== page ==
Highly regarded bassist Mark Helias is also a fine composer and bandleader. His latest effort "Fictionary" is a live recording featuring Mark Feldman; violin, Ellery Eskelin; sax, Mike Sarin and Tom Rainey on drums.
This cd captures performances from Helias' unit during the 1995 Groningen and 1996 Nijmegen jazz festivals. The interplay is magnificent. Helias compositions are perfect vehicles for extroadinary improv between violinist Feldman and the astounding Eskelin on tenor sax. The pace varies from tune to tune but the key ingredients here are the conveyance of fresh ideas coupled with mind boggling technique and captivating improvisation.
Helias' apprenticeship with Gerry Hemmingway, Ray Anderson, Anthony Braxton and numerous other jazz luminaries has caught the attention of most serious jazz afficionados; however, he has released a string of fine solo recordings over the years, this being among his best. Helias' while possessing monterous chops is equally adept at employing space and color. His compositions here are definitive pieces which at times appear to be angular and complex; however, he maintains strong sensibilities of swing. Helias' gives Eskelin and Feldman room to breath fire. They dart through these compositions with explosive forays into jazz improvisation mania ! The interplay is a thing of beauty. The dialogue inherent in this band suggests that they were pulling out all the stops yet having tons of fun. Tom Rainey sits behind the drum kit on Area 51; thus, Mike Sarin appears on all other tracks. Honorable mention to both drummers for stellar support.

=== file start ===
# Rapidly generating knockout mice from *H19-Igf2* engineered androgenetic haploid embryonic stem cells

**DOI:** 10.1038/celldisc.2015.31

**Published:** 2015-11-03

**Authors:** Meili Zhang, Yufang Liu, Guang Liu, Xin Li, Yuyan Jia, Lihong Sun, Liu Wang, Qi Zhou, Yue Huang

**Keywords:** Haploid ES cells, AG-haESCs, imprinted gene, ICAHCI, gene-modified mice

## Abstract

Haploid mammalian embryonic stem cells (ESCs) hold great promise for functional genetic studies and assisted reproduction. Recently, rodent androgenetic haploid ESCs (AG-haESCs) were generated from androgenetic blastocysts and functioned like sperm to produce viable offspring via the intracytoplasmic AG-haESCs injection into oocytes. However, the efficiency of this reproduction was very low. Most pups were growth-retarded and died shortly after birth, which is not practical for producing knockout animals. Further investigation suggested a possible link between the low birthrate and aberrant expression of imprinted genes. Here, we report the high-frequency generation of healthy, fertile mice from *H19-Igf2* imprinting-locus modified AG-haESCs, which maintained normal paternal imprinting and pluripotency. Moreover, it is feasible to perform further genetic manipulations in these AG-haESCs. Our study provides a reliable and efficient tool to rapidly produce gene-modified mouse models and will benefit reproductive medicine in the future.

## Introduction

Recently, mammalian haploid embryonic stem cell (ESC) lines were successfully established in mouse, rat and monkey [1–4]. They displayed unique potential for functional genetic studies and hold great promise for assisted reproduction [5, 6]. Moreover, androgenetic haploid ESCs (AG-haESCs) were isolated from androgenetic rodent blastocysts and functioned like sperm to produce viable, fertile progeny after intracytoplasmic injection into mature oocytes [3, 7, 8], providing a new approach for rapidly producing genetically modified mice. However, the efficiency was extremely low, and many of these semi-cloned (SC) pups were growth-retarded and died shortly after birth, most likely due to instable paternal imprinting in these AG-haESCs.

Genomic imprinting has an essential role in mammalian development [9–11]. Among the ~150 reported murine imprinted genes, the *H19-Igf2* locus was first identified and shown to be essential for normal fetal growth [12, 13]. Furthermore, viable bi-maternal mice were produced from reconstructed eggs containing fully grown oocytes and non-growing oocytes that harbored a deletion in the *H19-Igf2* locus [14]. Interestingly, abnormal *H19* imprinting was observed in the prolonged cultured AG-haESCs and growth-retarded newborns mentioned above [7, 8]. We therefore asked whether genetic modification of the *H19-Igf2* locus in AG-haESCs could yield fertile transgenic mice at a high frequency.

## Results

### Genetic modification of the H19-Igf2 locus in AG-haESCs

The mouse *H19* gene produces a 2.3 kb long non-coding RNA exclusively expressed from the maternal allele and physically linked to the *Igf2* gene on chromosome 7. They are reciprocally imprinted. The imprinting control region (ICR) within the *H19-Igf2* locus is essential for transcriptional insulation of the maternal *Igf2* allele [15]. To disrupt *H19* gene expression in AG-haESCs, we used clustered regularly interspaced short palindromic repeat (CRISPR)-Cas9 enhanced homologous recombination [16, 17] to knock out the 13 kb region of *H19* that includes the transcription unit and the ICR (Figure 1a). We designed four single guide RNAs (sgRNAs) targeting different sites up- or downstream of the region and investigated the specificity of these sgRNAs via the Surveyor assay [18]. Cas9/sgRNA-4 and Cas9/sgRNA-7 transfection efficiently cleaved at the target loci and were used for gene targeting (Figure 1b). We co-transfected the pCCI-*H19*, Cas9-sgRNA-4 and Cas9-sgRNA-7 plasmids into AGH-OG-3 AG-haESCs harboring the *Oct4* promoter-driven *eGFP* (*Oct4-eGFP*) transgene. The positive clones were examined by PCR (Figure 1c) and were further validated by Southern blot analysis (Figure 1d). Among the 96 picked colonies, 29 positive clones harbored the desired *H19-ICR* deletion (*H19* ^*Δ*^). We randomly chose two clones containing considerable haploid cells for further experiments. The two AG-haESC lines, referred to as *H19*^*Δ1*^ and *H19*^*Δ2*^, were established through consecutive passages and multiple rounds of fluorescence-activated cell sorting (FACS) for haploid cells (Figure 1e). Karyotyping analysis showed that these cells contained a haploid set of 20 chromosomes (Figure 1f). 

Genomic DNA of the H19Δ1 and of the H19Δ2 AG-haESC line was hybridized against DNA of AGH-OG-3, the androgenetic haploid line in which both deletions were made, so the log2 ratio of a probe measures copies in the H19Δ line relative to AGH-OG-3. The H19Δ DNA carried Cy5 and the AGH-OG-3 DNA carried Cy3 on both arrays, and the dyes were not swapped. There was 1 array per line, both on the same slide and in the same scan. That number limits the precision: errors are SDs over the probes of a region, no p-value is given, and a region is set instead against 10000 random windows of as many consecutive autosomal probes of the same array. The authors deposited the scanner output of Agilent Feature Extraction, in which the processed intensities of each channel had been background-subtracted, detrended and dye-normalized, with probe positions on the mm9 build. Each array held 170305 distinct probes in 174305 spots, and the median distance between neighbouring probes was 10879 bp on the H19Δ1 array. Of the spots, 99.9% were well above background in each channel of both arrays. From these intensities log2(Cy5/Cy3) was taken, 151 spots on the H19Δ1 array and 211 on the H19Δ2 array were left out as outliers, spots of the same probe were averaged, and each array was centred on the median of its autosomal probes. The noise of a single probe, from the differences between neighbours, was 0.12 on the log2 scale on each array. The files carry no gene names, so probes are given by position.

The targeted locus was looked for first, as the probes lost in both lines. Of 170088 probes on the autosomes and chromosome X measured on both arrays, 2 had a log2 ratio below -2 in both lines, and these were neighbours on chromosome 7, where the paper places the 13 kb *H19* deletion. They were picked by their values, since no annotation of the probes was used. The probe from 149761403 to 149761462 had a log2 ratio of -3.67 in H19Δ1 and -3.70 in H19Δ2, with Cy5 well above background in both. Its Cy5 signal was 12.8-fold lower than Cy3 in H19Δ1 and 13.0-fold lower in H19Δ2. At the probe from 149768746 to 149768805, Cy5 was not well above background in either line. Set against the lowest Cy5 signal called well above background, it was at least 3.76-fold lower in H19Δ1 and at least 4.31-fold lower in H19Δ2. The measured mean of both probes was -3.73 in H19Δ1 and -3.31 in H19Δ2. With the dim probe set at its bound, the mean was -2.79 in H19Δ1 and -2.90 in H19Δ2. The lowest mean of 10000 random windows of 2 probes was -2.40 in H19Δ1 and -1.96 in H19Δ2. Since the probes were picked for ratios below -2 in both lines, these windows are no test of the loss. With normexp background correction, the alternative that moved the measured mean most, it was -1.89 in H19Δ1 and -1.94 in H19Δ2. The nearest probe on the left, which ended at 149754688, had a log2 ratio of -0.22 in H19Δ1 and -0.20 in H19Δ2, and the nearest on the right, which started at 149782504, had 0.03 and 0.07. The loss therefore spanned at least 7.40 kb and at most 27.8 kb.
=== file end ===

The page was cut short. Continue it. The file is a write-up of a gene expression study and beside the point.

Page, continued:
The recording itself is a sonic delight which enhances the overall feel of the live dates. This cd ranks among 1998's best. I would also highly recommend this cd to the student of jazz improvisation and composition.
Tracks:The Comb Over; Looking Up From Heaven; Hands Down; Fictionary; Area 51; Douglas Fir; Haymaker
Personnel: Mark Helias: bass; Mike Sarin : drums; Tom Rainey: drums; Ellery Eskelin: tenor saxophone; Mark Feldman: drums.
I love jazz because it is both challenging and exhilarating, and the endeavor of improvisation is the highest form of art.
I met so many great musicians--including my two earliest heroes, Maynard Ferguson and Dizzy Gillespie--by attending concerts
and being willing to treat them with the respect they deserve.
The best show I ever attended was the Pat Metheny/Ornette Coleman Song X concert at Cornell University.
The first jazz record I bought was an RCA compilation by Dizzy Gillespie.
My advice to new listeners is to not be afraid to listen to something because you're not familiar with the artists or the band or
the genre or anything - this is music that is best experienced through discovery.